On Mar 18, 2011, at 2:42 AM, Vilius Šumskas wrote:
> Thursday, March 17, 2011, 11:35:54 PM, you wrote:
>> On Mar 17, 2011, at 5:15 PM, Clint W. Heideman wrote:
>>> I have ran several networks using .local on Microsoft AD and "NEVER" had an issue, and I'm not that lucky. Currently my DNS and OpenDirectory are running just fine, it turned out that it wasn't DNS it is an issue with a Home Directory setup. Thanks for the help.
>> Consider it good that your specific problem is resolved. Just be
>> aware there is a problem with using .local as a DNS domain, it is
>> not a valid DNS name for a start. And .local is used outside of DNS according to other RFCs.
> Oh here we go again. Which RFC is that Dan?
.local is used for RFC3224, RFC2608, RFC2782, RFC3927, and RFC4862 by zeroconfig/bonjour/avahi/zcip/dhcpd for link-local addresses and for mDNS and that's used by Mac OS X, *BSD, Linux, Solaris, Windows, VMS, and most modern or Internet savvy OSen. It's implemented by numerous hardware vendors as well such as Roku, TiVo, Samsung, HP, Novell and Sun/Oracle and as part of just about every network printer vendor. It's used by DNS-SD as well and under Windows is implemented as SSDP. Its supported in CUPS as well. It's also found used in the ACN set of protocols.
.local is very explicitly covered in its IETF Draft, which is the same as an RFC. It's been in force since 13th July 2001 and the latest may be found at http://tools.ietf.org/html/draft-cheshire-dnsext-multicastdns-14
> Multicast DNS Names
> This document specifies that the DNS top-level domain ".local."
> is a special domain with special semantics, namely that any fully-
> qualified name ending in ".local." is link-local, and names within
> this domain are meaningful only on the link where they originate.
> This is analogous to IPv4 addresses in the 169.254/16 prefix, which
> are link-local and meaningful only on the link where they originate.
> Any DNS query for a name ending with ".local." MUST be sent to the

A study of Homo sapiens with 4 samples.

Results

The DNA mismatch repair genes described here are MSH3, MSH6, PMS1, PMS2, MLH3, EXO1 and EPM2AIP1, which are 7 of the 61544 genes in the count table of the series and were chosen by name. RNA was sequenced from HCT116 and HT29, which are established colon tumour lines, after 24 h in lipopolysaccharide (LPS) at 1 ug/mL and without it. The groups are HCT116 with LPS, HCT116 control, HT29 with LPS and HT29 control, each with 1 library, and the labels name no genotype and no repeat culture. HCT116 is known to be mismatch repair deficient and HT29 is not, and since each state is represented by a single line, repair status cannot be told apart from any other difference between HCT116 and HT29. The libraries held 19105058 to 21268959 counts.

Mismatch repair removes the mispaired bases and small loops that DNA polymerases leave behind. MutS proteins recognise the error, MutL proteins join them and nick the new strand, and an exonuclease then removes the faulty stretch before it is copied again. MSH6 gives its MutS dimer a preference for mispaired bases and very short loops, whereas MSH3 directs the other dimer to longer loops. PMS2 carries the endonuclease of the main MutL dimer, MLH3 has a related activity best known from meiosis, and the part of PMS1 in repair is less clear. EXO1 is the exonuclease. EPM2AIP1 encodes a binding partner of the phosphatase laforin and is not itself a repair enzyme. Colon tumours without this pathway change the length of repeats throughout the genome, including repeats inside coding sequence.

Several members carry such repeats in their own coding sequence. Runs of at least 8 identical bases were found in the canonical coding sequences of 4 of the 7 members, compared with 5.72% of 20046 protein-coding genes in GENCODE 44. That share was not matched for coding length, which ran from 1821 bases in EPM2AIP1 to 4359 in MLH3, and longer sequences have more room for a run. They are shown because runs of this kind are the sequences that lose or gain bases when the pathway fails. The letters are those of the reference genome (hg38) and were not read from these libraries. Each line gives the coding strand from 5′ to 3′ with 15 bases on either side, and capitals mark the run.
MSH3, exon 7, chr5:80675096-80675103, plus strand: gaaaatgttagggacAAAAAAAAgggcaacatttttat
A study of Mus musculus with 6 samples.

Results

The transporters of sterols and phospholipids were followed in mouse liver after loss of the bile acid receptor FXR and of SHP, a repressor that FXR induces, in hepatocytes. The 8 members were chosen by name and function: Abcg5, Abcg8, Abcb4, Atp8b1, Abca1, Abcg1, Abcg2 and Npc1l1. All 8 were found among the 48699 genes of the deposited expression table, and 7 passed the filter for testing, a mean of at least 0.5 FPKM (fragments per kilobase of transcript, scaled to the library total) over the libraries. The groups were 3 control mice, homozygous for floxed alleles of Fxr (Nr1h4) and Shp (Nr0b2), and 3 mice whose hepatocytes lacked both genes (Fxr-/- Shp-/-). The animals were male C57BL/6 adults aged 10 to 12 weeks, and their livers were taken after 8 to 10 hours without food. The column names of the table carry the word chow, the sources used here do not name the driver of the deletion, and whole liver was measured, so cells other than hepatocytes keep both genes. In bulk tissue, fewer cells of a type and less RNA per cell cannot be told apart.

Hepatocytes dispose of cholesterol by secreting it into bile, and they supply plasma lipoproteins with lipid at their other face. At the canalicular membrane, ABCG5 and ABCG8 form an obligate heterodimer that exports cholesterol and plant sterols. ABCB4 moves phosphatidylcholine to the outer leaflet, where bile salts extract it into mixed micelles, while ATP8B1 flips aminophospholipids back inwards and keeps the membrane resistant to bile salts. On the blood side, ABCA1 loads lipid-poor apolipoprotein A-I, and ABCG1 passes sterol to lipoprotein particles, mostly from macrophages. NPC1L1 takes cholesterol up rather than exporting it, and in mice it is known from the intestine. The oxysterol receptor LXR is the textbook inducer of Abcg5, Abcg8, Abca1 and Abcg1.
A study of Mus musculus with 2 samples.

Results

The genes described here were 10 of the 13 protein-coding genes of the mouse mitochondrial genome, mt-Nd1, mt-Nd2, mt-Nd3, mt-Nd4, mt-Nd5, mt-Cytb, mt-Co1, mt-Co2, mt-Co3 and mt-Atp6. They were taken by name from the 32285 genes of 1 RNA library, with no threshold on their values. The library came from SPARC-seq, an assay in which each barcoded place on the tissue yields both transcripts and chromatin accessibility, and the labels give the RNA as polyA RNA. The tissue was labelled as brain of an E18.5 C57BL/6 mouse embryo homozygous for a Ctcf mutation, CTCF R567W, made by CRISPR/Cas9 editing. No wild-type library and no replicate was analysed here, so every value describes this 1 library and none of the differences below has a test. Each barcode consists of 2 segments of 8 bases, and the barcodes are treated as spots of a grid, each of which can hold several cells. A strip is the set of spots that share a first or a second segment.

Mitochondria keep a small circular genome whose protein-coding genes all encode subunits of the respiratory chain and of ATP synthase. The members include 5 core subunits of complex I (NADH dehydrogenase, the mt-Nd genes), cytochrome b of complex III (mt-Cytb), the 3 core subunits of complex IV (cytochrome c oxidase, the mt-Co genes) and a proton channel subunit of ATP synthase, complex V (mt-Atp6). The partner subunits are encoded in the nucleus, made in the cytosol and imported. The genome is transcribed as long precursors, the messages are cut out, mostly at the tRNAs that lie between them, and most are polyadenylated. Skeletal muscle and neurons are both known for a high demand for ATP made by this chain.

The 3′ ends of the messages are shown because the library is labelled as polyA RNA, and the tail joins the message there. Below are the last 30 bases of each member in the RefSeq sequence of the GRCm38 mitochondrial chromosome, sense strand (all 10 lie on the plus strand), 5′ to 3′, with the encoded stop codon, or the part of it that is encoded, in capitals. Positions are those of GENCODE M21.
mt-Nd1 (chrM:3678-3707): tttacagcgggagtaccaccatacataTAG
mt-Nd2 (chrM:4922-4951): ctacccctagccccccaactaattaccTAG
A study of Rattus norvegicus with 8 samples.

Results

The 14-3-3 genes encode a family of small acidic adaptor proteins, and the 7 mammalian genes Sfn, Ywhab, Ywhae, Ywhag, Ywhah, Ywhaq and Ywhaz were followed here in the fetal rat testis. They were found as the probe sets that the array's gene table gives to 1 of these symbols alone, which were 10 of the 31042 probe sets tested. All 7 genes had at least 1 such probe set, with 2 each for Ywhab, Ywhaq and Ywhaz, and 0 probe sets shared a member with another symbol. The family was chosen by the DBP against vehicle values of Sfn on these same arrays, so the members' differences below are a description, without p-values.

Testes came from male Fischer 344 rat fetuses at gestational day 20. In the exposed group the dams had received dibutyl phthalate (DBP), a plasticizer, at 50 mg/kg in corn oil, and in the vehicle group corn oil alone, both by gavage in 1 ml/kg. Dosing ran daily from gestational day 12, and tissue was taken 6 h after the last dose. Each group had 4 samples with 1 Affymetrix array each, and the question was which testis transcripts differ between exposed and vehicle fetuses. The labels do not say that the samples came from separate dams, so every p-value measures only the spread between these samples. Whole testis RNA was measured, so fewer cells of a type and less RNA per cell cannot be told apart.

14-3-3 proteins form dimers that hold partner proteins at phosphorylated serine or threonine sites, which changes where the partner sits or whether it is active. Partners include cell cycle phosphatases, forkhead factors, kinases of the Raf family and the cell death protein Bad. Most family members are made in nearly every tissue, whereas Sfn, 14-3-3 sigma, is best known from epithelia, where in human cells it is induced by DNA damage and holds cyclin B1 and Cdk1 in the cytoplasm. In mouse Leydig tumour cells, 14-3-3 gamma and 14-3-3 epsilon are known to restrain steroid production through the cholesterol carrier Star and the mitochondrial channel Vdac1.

> mDNS multicast address (220.127.116.11 or its IPv6 equivalent FF02::FB).
> The design rationale for using a fixed multicast address instead of
> selecting from a range of multicast addresses using a hash function
> is discussed in Appendix B.
If you've got printers on your network (wifi or wired) you probably already have .local being used on your network as well. So using .local will lead to name space collision if you have network printers and are useing .local as a DNS domain.
Using .local for DNS causes excessive DNS polution traffic on the global DNS system, and at the top level root servers it's seen as the third largest requested root for resolution - despite the fact that this isn't a valid GTLD and there should be no root queries for it. This suggests that there are lot of stupid sysadmins out there and a lot of those "using it for test" that don't have good control of their DNS. Look at
The root servers are seeing more than 1000 requests/sec, an that's a lot considering that they could have would have should have gotten filtered/resolved before that and that the requests are only forwarded DNS requests, implying that there are many, many, many requests downstream before the roots are hit. This indicates a huge problem with people using .local as a DNS zone when and as they shouldn't.
.local is likely to become a valid domain, valid in the sense that it will be valid like .example, in this case part of a list of popularly invalid domains ( .local, .belkin, .home, .lan, .invalid .domain, .localdomain, .wpad, .corp, .maps, .html, .router, .host, .mshome, .htm ), so that they may be rejected outright if seen in the while.